To Major-General HOWARD, Commanding Eleventh Corps:
GENERAL: Captain Dilger, who has just returned from a reconnaissance, reports that the rebel infantry pickets are about 1 1\2 miles from my front, extending about 1 mile beyond our right, behind a stone wall; that their cavalry pickets are about 3 miles from our outpost line, to the right. On a farm, about 2 miles from here, I learned that from 70 to 100 rebels had been there this morning, and about 5 rebels this afternoon. The rebel pickets could be seen from that farm, and extended considerably beyond our right, in a northerly direction. The infantry pickets of the enemy are placed behind a stone wall, about 1 1\2 miles from our front, and the smoke of their camps can be seen behind. My pickets are about 1 mile in my front. General Kilpatrick is on our right with two brigades of cavalry. I have examined our position, and find that the wooded ridge in our rear is occupied by only one regiment and a battery, while the First Corps seems to occupy a front perpendicular upon the front of the Sixth Corps.
C. SCHURZ, Major-General.
Meade To Halleck, July 10, 1863—10 P. M.
The information received to-day indicates that the enemy occupy positions extending from the Potomac, near Falling Waters, through Downsville toFunkstown, and to the northeast of Hagerstown, Ewell's corps being to the northeast of Hagerstown, Longstreet at Funkstown, and A. P. Hill on their right. These positions they are said to be intrenching. I am advancing on a line perpendicular to the line from Hagerstown to Williamsport, and the army will this evening.occupy a position extending from the Boonsboro' and Hagerstown road at a point one mile beyond Beaver creek to Bakersville, near the Potomac. Our cavalry advanced this morning, drove in the enemy's cavalry on the Boonsboro' pike to within a mile of Funkstown, when the enemy displayed a large force, and opened a fire from heavy guns, (twenty-pounders). I shall advance cautiously on the same line to-morrow until I can develop more fully the enemy's force and position upon which my future operations will depend. General Smith is still at Waynesboro.' A despatch was received from him at that place this morning. Instructions similar to those of yesterday were sent to him.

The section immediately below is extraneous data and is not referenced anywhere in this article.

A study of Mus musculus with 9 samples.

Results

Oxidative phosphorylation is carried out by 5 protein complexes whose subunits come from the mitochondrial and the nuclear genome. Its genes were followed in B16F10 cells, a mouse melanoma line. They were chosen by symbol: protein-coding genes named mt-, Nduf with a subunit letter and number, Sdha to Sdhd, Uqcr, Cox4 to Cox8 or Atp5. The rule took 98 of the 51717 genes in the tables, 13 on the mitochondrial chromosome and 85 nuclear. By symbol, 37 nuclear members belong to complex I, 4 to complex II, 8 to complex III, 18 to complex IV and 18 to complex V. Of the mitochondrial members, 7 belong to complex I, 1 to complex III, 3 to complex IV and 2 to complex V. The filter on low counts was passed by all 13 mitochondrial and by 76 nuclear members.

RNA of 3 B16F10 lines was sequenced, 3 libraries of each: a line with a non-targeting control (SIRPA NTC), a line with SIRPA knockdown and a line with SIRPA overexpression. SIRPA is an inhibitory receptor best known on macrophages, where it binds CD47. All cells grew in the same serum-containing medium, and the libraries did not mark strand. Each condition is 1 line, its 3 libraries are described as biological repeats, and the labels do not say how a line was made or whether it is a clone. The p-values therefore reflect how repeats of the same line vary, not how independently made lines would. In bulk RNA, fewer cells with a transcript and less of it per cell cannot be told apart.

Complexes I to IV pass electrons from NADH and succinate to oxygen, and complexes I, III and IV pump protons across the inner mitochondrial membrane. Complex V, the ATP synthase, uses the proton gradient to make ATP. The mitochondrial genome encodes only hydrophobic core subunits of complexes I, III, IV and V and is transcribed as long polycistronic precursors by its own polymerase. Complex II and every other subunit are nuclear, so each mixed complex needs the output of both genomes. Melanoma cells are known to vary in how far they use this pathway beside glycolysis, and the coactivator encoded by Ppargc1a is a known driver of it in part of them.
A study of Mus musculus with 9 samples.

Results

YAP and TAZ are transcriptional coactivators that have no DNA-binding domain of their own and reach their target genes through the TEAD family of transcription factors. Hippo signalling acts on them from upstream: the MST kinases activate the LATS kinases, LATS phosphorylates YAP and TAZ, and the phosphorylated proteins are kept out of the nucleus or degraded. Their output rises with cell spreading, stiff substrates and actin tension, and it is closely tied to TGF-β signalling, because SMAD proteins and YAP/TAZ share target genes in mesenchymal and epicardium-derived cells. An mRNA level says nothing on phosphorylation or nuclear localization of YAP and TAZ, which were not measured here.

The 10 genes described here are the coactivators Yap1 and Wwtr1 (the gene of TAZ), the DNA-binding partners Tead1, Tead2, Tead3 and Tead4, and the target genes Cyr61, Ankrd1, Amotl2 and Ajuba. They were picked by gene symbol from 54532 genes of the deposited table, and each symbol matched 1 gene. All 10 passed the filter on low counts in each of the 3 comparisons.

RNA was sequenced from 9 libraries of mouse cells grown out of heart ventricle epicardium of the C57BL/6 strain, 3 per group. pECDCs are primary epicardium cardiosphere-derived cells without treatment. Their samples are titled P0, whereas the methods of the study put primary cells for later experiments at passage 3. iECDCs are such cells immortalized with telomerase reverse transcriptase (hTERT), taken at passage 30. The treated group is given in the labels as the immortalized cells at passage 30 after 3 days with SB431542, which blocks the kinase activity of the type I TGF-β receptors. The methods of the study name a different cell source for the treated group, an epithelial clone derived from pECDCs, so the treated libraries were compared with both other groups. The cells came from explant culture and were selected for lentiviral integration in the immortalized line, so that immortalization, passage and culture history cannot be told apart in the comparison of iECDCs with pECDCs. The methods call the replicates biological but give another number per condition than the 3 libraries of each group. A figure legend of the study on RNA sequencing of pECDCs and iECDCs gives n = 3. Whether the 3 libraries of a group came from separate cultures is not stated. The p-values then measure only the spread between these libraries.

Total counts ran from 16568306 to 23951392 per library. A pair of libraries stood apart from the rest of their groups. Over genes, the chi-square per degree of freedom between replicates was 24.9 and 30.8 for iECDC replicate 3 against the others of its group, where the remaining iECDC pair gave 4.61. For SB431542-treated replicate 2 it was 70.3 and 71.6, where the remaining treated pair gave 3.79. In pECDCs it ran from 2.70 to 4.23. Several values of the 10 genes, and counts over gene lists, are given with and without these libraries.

Halleck To Meade, Washington, D. C., July 10, 1863.
I think it will be best for you to postpone a general battle till you can concentrate all your forces, and get up your reserves and reinforcements. I will push on the troops as fast as they arrive. It would be well to have staff officers at the Monocacy to direct the troops arriving where to go, and to see that they are properly fitted out. They should join you by forced marches. Beware of partial combats. Bring up and hurl upon the enemy all your forces, good and bad.